Because they are made from all-natural clay from the earth, terracotta tiles have a rustic look that is kind of ‘rough around the edges’ as compared to other styles of tile. Sometimes people don’t realize that terracotta tiles are usually handmade; therefore no two will look exactly the same. They vary in thickness, texture, color and appearance greatly.
Overall terracotta tile is a very rugged type of tile. Most tiles use the Mohs scale of hardness to determine endurance. Some can be very thick, while others that are meant more for indoor traffic may be thinner. This is decided within the creation process. The thicknesses vary between 10 mm – 30 mm and depending on the type of gloss or polish that is applied will mean the choice between indoor or outdoor installation.
Yes, terracotta tiles can be placed outside and will truly enhance an outdoor décor. Some people like to place terracotta tile near an outdoor pool, patio or as a walkway to a garden. But this also depends on the climate. Terracotta tiles typically prefer warm weather or temperate climates instead of cold weather or four-seasonal climates. The frost simply doesn’t mesh well with terracotta tiles and can cause them to crack, split, break or chip.
Another consideration is how much water the outdoor area may experience. Most terracotta tiles only have a thin layer of glaze, so they can absorb water. Any cracks will let in too much moisture and once the water soaks through, it can cause hairline cracks or splits in the terracotta tile. This is not to say that all terracotta tiles are off limits in all places. It really depends upon where you live. That’s why you might find many Spanish Revival or Southwestern style homes to have terracotta tile but rarely will you see any terracotta tiles outside of a New England or Midwestern home. They may be used inside but are less likely to be chosen within these types of décor, simply because people often use the materials of what is popular within their own regions.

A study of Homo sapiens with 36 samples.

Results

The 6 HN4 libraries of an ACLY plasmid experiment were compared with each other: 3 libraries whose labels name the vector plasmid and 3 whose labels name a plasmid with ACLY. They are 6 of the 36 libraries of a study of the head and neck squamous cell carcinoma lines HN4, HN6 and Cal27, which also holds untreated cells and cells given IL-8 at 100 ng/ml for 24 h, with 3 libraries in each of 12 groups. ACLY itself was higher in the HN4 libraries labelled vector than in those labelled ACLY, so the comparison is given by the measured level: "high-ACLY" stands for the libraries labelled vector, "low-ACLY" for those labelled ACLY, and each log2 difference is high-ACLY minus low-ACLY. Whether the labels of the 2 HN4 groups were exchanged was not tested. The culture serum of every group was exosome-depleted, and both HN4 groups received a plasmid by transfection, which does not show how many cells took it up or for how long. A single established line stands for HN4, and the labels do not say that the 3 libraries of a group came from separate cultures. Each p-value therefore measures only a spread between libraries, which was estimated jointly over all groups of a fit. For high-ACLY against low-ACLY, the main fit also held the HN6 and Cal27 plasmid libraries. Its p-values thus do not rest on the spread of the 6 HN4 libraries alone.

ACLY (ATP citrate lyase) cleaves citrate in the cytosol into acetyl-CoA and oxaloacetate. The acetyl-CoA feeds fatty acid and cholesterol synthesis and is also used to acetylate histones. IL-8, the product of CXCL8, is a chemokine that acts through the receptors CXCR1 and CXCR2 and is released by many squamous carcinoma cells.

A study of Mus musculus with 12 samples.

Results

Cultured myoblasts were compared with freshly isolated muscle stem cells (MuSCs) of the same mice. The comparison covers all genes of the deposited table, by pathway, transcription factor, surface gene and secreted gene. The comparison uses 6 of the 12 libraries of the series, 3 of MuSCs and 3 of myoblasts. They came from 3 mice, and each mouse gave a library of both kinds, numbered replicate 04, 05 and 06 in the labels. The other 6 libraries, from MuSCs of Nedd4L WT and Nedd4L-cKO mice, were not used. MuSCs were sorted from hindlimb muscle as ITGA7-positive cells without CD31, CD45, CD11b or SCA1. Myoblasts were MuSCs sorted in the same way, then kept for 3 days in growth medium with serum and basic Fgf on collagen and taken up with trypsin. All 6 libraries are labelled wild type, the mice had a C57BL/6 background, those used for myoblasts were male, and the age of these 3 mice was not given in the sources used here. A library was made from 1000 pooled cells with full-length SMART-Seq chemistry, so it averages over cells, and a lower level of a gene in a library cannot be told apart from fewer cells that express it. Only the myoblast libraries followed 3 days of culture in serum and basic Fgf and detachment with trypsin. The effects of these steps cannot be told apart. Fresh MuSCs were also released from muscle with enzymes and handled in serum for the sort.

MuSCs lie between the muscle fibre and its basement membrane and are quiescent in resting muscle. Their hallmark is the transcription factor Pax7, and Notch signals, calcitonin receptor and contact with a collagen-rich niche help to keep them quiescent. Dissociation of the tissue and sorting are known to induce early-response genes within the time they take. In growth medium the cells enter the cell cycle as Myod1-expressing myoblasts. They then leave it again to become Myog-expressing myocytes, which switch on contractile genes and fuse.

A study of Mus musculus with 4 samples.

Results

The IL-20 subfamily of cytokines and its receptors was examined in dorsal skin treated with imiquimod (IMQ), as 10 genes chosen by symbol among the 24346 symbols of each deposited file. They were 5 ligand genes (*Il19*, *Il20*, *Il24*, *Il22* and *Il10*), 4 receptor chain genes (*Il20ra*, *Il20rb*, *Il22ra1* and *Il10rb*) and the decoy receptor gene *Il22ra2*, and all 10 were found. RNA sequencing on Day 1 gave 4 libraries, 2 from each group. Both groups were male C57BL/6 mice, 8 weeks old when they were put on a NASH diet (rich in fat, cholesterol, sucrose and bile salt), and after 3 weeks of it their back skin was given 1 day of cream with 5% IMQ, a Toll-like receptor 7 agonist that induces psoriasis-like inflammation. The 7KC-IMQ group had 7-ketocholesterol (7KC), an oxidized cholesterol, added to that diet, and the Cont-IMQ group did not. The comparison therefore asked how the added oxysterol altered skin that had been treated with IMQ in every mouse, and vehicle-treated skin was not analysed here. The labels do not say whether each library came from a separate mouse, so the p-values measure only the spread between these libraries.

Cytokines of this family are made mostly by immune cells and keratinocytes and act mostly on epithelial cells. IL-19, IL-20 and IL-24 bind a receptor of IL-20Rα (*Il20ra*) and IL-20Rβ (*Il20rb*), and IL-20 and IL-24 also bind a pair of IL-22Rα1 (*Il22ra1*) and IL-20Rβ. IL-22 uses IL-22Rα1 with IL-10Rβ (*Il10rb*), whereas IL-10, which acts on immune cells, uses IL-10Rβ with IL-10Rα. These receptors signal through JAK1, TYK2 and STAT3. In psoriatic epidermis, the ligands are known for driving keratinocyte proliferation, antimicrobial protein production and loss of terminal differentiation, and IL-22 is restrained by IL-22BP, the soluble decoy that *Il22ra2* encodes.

The majority of terracotta tiles is indeed used outdoors and gives off that luxurious rustic charm that you might find at a swanky resort. Terracotta does have a good resistance to high traffic situations and can be very resilient. Because they have a porous nature, most tile distributors will recommend a sealant. The wear and tear will not be so graceful and the colors may turn depending on how much wear they get, but the good news is that terracotta ages very well and develops a vintage “Old World” charm that is one-of-a kind.
Use caution if choosing terracotta tiles for your outdoor project, but that doesn’t mean you should overlook their viability altogether. They look very nice if they are properly treated and kept up. In other words, frequent maintenance or reapplication of the sealant. If you just install the terracotta tiles and never do anything to protect them or use them, eventually they will look a bit rough and craggy. Don’t expect terracotta tile to look perfect, even from the first day they are brand new. They are one of those tiles that must be coddled to and appreciated as an artful element in landscaping.